BCPS Lillie Williams engineering ambassador photo

Lillie Williams, a rising senior at Draughn High School, has been named Engineer Girl Ambassador by the National Academy of Engineering.

The National Academy of Engineering has named Lillie Williams an Engineer Girl Ambassador and invited her to attend the Women’s Engineers Conference in Anaheim, California, in November.

Williams, a rising senior at Draughn High School and dual enrollee at the North Carolina School of Science and Math, applied for the ambassador position and is one of 16 high school female students from across the country to be chosen. Her proposal included creating an outreach project to help interest elementary school girls in engineering. In addition to attending the three-day conference, Williams will receive a $250 grant to carry out her project back home.

Williams plans to host a STEM (Science, Technology, Engineering, Mathematics) Day at Mountain View Elementary School next summer and invite underrepresented minorities, specifically Hispanic females. They will be creating different chemical products, such as lip balm.

“I wanted to focus on a discipline of engineering that would grab their interest,” Williams said “Many girls think of engineering as building bridges or building machinery. There is so much more to engineering, and this is why I feel a focus on chemical engineering will be a draw to these young girls. I hope it will expand their knowledge of STEM (and) engineering and make them excited about learning.”

At the Women’s Engineers Conference, the largest of its kind, Williams will receive training on how to create her one-day program at Mountain View. She also will be able to meet and network with other women engineers.

“I, along with 15 other national Engineering Girl Ambassadors, will be actively involved in the conference, presenting our projects, meeting with engineers and working with students at a hands-on exhibit that we are in charge of," Williams said.

Mountain View fifth-grade teacher Kim Cotter is Williams’ sponsor. The National Academy of Engineering will pay for Cotter to travel with Williams to the conference, as well as pay for a sub for her for the days she will be away.

Williams said her love of engineering began when she was in middle school. While in her math and science classes, she started to see the connection between learning in the classroom and the real world.

She has started touring colleges and would like to become a biomedical engineer, possibly pursuing the area of pharmacy.

“Earlier this year, I had the privilege of taking a biomedical engineering course through NCSSM, which solidified my decision to pursue engineering as a career,” she said. “It was extremely interesting to see how engineering is incorporated into the medical field.”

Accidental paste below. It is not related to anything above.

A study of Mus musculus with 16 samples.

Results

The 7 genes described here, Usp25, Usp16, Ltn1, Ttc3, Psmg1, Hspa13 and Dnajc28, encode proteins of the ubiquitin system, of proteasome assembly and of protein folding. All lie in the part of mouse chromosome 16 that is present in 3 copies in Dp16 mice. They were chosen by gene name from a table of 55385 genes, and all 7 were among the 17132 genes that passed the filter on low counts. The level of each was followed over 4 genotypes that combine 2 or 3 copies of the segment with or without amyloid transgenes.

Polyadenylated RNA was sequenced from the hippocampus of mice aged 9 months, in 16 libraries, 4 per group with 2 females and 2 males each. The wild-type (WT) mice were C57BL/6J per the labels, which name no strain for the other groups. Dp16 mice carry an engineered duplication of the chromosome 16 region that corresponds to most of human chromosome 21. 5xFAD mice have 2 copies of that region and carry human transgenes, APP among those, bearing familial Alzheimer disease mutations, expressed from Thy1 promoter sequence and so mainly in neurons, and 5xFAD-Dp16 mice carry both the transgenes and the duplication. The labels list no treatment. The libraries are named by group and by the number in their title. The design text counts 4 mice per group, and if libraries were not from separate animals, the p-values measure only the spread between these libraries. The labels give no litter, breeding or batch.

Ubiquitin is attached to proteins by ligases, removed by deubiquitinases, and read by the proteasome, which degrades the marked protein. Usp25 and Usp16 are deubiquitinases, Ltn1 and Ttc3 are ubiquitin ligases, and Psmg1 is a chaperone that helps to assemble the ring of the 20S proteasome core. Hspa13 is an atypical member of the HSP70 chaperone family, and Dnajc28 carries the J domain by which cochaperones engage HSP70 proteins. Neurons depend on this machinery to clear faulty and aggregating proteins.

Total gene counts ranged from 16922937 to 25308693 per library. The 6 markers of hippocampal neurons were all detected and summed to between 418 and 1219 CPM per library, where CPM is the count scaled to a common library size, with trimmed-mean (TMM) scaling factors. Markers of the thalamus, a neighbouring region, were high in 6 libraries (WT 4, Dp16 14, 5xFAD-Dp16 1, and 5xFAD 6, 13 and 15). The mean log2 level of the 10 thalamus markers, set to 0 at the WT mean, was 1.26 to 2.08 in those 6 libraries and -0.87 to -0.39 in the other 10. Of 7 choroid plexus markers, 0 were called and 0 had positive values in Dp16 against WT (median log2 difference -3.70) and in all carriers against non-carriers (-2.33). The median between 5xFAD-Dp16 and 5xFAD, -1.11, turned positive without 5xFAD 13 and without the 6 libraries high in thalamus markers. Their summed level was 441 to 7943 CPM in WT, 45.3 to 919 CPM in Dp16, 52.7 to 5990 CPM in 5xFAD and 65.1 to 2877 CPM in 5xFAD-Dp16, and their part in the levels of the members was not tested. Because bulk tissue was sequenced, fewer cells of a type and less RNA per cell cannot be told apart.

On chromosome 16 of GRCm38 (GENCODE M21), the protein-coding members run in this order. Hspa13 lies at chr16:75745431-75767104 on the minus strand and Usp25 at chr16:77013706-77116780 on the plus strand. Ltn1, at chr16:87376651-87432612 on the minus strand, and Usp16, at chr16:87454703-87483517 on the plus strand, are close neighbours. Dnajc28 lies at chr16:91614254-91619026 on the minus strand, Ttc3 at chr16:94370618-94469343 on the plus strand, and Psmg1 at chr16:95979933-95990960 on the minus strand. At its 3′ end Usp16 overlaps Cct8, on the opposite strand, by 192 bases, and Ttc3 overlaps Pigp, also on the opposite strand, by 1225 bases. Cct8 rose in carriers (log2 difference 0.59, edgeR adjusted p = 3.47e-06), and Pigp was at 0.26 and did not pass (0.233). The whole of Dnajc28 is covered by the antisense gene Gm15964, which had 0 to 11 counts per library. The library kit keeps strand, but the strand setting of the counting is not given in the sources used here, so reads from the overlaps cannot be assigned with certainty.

Williams is spending the summer at the Governor’s School West for mathematics and through the NCSSM, she has been able to learn about different topics and meet others who share the same interests.

“Both NCSSM and Governor’s School have given me unbelievable opportunities,” she said. “Serving as an NCSSM Student Ambassador has given me a desire to make connections outside my comfort zone. I am thankful to Burke County Public Schools for helping to make this opportunity available to me.”

Larry Putnam , superintendent of Burke County Public Schools, shared his thoughts about the appointment.

“We are proud of Lillie and encourage her to take her passion for engineering as far as it will take her,” Putnam said. “We look forward to seeing her project come to fruition next summer as she passes down her love for engineering to younger girls. As a budding engineer who is pursuing her interests, Lillie is an excellent role model for other female students.”

For girls who may think they could not succeed in the engineering field, Williams offers encouragement for them not to feel intimidated, to stay motivated and to challenge themselves.

“I would also encourage girls to make connections to engineering even if they have a desire to work with cosmetics, perfumes, fabrics, etc.,” she said. “Chemical engineering is a vital part of this industry. When I was younger, my parents would always share with me how females were certainly capable of being engineers. My dad shared with me about a professor at NC State whose job was to recruit females into engineering. This motivated me to possibly seek out this type of opportunity.”

Williams is the daughter of Charles and Heather Williams. Charles is the principal at Valdese Elementary School and Heather is a former Burke County Public Schools teacher.